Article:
I am worried that the standard of craftsmanship within our industry is dropping. Of course we still have wonderful craftsmen and women in the UK, and more in training, but unless you are based either in London or Birmingham – how hard is it to find a first class apprenticeship scheme?
The truth is it’s pretty well impossible – we’ve tried. I also worry about the quality of education and training provided by our universities and colleges. Students leave with little concept of what makes our industry tick – original, well-made, exquisitely well-finished work, made within a budget.
I remember early in my lifetime career in the industry, being led around a Spring Fair in the NEC by my favourite mentor, and being shown – in a manner that left no doubt in my mind – what original, well-made, expertly crafted, to a budget, means. And I will never forget the experience.
As a trade caster I think I am in a position to comment about what is being presented to the market. We see it all. Thank goodness most of the items we cast warrant the comment ‘a good master’, but too many pieces from new starters do not meet the necessary criteria.
And dare I mention what I think is the problem? CAD-CAM and its associated thinking.
How seductive professional programmes are when you can design and model on screen, colour render the image, and then present this to the customer. But with the best will in the world the final printed or milled piece will be a far cry from this presentation. That’s the tricky bit.
The casting is easy (usually!) but the piece then has to be finished, and that’s where the problems lie. It takes high end craftsmanship to turn a good casting into a fine piece of jewellery. Everyone seems to think it’s quick and easy to produce work ready for casting; this thinking then carries on into the rest of the craft skills – wax carving, finishing, setting, polishing and the rest, with the subsequent result of non-original, careless, poorly finished pieces, produced to a make-believe budget.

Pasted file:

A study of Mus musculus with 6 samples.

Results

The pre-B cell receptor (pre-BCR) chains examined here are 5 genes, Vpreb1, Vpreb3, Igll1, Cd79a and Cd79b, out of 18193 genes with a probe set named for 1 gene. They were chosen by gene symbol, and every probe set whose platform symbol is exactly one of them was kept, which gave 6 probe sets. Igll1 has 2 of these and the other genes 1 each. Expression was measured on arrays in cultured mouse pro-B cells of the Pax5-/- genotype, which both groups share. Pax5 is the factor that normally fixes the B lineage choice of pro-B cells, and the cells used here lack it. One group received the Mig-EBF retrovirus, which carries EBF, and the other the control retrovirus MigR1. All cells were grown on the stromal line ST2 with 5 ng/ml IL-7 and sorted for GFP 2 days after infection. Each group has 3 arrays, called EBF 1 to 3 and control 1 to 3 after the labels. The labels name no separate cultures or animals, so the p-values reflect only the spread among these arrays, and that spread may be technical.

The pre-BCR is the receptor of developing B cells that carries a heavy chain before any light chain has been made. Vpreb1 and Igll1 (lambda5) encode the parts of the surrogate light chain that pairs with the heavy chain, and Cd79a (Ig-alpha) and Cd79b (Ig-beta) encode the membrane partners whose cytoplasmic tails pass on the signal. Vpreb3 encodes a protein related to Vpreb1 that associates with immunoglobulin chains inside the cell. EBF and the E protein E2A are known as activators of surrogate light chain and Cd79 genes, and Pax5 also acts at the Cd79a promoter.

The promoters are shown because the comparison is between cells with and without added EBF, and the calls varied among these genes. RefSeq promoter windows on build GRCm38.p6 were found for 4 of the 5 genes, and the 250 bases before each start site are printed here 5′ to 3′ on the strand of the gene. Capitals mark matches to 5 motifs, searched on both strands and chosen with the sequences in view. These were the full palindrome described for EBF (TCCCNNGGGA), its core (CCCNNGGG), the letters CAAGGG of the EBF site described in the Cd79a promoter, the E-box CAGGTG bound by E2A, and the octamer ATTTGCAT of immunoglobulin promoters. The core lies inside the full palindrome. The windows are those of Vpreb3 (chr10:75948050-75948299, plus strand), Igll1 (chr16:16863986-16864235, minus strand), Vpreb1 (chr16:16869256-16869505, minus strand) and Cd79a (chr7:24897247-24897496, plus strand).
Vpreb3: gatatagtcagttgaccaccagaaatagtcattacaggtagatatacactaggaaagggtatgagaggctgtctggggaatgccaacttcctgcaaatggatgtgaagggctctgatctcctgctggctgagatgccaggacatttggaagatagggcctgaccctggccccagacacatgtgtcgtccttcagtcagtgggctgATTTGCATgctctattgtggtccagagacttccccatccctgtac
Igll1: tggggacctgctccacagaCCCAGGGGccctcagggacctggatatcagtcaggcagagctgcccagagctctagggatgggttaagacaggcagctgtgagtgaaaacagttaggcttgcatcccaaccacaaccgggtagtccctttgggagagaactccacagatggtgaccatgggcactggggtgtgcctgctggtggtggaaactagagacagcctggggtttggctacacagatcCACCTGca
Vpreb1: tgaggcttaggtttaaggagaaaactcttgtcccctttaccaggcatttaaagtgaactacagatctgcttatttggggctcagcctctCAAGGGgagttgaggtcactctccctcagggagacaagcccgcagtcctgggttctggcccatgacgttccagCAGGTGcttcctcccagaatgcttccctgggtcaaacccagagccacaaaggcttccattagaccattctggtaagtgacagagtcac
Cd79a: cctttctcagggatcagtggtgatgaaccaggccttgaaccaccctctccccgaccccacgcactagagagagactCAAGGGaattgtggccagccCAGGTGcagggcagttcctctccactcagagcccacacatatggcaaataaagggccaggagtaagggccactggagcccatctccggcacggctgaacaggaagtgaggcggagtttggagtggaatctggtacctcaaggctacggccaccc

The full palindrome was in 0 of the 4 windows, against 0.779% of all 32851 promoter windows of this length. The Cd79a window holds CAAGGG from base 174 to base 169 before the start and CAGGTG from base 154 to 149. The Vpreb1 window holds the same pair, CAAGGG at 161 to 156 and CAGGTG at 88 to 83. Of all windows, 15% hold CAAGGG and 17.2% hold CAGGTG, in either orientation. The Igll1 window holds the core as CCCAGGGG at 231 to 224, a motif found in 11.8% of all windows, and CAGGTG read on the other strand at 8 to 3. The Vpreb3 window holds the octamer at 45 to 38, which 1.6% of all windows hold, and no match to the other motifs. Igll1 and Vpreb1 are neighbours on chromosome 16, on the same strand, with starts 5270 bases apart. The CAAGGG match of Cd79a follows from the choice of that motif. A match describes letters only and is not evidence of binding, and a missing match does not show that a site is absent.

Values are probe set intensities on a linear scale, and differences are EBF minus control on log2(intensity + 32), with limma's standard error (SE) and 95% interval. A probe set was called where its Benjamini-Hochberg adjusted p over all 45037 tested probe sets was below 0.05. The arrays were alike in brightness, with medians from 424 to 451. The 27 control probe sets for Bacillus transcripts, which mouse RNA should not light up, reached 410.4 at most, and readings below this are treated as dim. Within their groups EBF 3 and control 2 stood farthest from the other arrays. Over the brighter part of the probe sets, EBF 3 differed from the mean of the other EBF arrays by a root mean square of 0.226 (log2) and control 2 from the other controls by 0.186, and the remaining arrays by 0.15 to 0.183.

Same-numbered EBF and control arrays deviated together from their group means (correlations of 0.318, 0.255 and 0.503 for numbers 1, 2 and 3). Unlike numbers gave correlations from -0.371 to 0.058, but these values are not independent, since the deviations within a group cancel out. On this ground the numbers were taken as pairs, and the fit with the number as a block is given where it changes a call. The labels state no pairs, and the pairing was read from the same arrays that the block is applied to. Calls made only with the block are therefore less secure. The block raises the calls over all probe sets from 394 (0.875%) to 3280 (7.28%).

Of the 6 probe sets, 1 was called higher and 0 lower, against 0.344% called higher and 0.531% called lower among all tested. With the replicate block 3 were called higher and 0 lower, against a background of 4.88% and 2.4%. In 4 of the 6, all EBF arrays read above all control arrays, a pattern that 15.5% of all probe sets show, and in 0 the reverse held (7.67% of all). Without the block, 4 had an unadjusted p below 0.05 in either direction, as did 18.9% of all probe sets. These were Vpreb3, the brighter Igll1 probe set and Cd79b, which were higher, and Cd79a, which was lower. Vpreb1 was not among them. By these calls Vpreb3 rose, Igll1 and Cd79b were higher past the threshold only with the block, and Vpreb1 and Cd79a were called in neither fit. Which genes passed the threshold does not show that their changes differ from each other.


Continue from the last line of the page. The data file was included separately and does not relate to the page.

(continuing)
Computer aided technology is a wonderful tool, another string to the bow for the jewellery trade, but it is not the be-all and end-all. And to make it a little more hit-and-miss I believe there are those who can ‘do’ the computer side and can’t design, and those who can do the designs but are baffled by the technology.
Don’t shout at me – I know there are exceptions, and some get wonderful results on screen, but many use pre-programmed components to form complete designs. Original? I’m not sure. And once the CAD is either printed or milled is it possible to prepare each surface to a suitably high standard? Look closely at any computer generated/finished item, and so many of them have milling/printing lines on them which is just not acceptable.
As casters we receive work in many different form : CAD/CAM waxes and plastic, hand-carved wax, perfectly made metal masters, and many natural objects. But undoubtedly the pieces that are going to end up as the finest jewellery are the perfectly made metal masters AND once they’ve been moulded and cast they will be quick and easy to produce in quantity. So for any sort of production run – and this is usually the aim of the exercise – this is the way to start and the skills to produce such masters are the most valuable and practical. It is so easy to be captivated by new technology – I bet the Egyptians were tickled pink when they worked out casting – but let’s make sure we keep the final objective, a well made piece of jewellery, in mind.
As manufacturers we mustn’t look for an easy way out to make first class jewellery. A traditional grounding in craft skills will always be a primary requirement. Where a little effort can be saved in the production using CAD-CAM/casting let’s use it. I believe it’s all to do with mindset. Our rather unique industry combines design, making, finishing, costing and marketing all in one workshop to produce one, or thousands, of perfect items of jewellery. That must be the reason for coming in to the industry, and why we stay here, and why we all love it.
Mike Hurst is managing director of Jewellery Casting Scotland Ltd.This feature first appeared in the December 2015 issue of Jewellery Focus.